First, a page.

Credit score ranges are rather straight-forward and applies to most lending programs. The higher the score, the better your credit rating-and the higher your credit worthiness. The scale runs from 300 on the low end to 850 on the high end with the median score in the U.S. falling right around 720.

Part of the mystery behind credit scores is that there is no one particular scale for determining whether or not a credit score is "good." However many financial experts agree that there are some basic guidelines. Generally speaking, credit scores of 800 and above are nearly perfect and most scores of 720 or higher will garner the best mortgage rates and lending options. Credit scores between 750 and 800 are considered to be excellent; credit scores from 720 and 750 are good to excellent; those ranging from 690 to 720 are considered good; and borrowers with credit scores ranging from 620 and 690 are fair credit risks. A credit score below 620 is considered poor.


If you don't have a good credit score, there are ways in which you can work toward improving it. For starters, make sure to pay all of your bills on time. Avoid collections, missed payments and late charges if at all possible. Make sure to steer clear of your max credit line. Keeping your debt too close to the maximum limit will raise red flags. Also, if you're planning on buying a home or another large purchase that requires a credit check, don't open or apply for any new credit accounts within 90 days of the purchase. New accounts and inquiries into your credit knock your score down even further.

The simple answer on how to get a good credit score is to avoid taking on any additional debt, paying the debt you do have on time and working on lowering your debt to maximum credit amount ratio.


is a mathematical model that is used as a tool for lenders to qualify prospective loan applicants.  Mainly three credit bureaus provide this data depending on the loan applicant's credit bureau.  Here are the United States locations:

  • Transunion:  Precision (formerly EMPIRICA), Midwest area
  • Experian:  FICO Advanced Risk Score (formerly FICO), East/West/South area
  • Equifax:  Pinnacle (formerly BEACON), East/West/South area

A FICO score is what your bank, mortgage loan companies, and merchant use to determine the your credit worthiness.  Your credit report contains credit data including FICO scores,which the lender uses to evaluate you as a  credit risk.  Late payments lower your FICO score but prompt regular payments raise a FICO score.  The credit user may have a low score, but that can change if you re-establish a good track record. 

Your credit report contains FICO scores that are calculated from various credit data.  The data is grouped into five main categories:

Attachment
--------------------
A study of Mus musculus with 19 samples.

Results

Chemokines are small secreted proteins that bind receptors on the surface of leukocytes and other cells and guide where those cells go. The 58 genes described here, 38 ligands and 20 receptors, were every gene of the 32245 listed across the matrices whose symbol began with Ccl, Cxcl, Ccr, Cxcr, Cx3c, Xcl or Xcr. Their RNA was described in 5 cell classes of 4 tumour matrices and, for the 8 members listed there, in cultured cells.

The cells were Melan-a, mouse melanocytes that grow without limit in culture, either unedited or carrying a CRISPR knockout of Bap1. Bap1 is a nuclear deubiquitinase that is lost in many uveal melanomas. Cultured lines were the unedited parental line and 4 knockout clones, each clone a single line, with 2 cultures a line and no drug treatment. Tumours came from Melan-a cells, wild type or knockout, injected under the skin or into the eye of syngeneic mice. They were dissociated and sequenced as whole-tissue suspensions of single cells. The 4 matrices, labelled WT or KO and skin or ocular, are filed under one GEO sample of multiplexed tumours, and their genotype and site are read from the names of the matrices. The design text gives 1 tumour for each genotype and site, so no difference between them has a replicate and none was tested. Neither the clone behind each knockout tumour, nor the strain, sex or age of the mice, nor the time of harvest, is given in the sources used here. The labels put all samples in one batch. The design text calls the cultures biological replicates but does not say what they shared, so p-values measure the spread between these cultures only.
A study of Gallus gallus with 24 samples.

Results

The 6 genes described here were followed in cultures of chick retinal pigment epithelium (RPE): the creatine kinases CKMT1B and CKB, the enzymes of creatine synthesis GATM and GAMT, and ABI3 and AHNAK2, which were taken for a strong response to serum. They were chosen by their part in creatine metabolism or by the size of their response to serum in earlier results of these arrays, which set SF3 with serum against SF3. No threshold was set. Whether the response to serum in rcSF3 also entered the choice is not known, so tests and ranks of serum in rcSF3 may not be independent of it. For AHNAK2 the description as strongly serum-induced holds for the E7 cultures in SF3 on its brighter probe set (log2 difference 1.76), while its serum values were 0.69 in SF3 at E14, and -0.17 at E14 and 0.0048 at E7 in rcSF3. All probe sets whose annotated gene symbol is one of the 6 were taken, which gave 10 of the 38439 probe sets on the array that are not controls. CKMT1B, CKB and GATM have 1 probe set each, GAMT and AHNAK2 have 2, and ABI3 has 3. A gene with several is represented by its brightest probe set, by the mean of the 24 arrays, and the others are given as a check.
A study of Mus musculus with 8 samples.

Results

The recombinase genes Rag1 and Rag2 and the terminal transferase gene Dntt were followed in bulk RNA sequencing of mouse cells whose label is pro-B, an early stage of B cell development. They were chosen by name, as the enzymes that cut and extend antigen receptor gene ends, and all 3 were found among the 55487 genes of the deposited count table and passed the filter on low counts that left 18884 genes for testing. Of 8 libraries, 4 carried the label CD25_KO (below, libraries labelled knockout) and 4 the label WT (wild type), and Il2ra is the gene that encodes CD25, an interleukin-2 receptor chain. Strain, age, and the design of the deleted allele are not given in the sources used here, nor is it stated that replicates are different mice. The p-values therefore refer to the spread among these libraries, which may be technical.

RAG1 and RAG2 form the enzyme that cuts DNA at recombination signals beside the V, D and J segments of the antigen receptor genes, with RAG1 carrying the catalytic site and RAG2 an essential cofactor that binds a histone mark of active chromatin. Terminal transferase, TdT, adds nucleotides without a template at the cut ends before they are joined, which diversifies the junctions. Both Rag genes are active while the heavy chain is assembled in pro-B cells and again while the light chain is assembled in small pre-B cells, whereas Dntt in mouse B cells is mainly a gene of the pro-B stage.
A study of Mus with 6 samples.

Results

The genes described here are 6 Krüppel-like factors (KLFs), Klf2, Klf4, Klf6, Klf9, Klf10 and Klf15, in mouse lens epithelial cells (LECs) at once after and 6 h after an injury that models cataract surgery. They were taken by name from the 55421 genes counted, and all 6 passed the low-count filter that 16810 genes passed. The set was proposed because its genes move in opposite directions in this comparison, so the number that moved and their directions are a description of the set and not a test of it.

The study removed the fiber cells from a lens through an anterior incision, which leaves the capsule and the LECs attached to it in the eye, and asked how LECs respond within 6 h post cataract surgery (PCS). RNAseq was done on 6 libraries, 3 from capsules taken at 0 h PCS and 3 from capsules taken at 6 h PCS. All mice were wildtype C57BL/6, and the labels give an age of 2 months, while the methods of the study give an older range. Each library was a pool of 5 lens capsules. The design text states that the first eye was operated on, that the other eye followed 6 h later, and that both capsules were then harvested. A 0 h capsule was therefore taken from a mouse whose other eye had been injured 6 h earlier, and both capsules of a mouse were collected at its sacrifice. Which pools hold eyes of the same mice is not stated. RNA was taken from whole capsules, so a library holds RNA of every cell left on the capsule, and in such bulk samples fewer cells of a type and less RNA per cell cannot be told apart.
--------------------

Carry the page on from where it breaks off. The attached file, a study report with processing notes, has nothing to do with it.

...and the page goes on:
• 35% being your payment history
  • 15% being your credit account history
  • 10% being new credit
  • 10% being types of credit
  • 30% being your current debts

Payment history includes information on specific account payments, delinquencies, and amending of delinquencies.

Credit account history includes account activity since the beginning of each account opened.

New credit is the number of new accounts opened, new credit inquiries, type of accounts, and re-establishment of good credit following past payment delinquencies.

Types of credit includes information of specific kinds of accounts used such as credit cards, lines of credit, mortgage loans, and retail accounts.

Current debts are amounts owed on specific types of accounts, account balances, percentage of credit cards used, and loan installments outstanding. 

But as aforementioned, other factors, not just FICO scores, are used by lenders to evaluate the credit behavior of a prospective borrower including:

  • A combination of several credit factors, specific to your credit needs may be different than another's credit needs.
  • Income status, length of present job, and type of credit requested are considered.
  • Late payments may lead to a bad credit history, but you can improve your FICO score by re-establishing credit with a track record of prompt, regular payments.
  • If you are new to credit or have not used credit much, the weight of the 5 FICO categories may differ.

In summary, a FICO score is just one part of a credit report that a lender looks at when loaning money to a prospective borrower. Other credit factors are taken into consideration. You can raise your FICO score by re-establishing credit, meeting or exceeding a credit account's, payment installment requirements.


Creditors are required to report to the bureaus every single month but most of them are NOT allowed to tell you when they actually report to the bureaus. 

Remember these two words "rapid re-score".  A rapid re-score will force the bureau to update your file in about 3 days. 


Rapid Rescoreis a way of updating your credit score prior to the next time the tradeline would report to the credit bureau.  It is typically used when there is a positive change to an account that is not reflected on the credit report and when the change could provide a positive impact to the program being offered to the borrower.  Probably the single most frequent use would be to show a lower balance on a revolving debt.

The basic process is the same for each credit provider.  Once a tradeline has been identified, an updated statement or letter from the account holder is obtained.  Paperwork from the credit provider is filled out and returned along with the proof of change to the account.  The credit provider researches and verifies the validity of the update and adjusts the score based on the updated information.  The credit provider then notifies the lender of the change.

This process has helped many borrowers obtain financing much quicker and at better rates than they could have hoped for several years ago.   A little something you might keep in mine.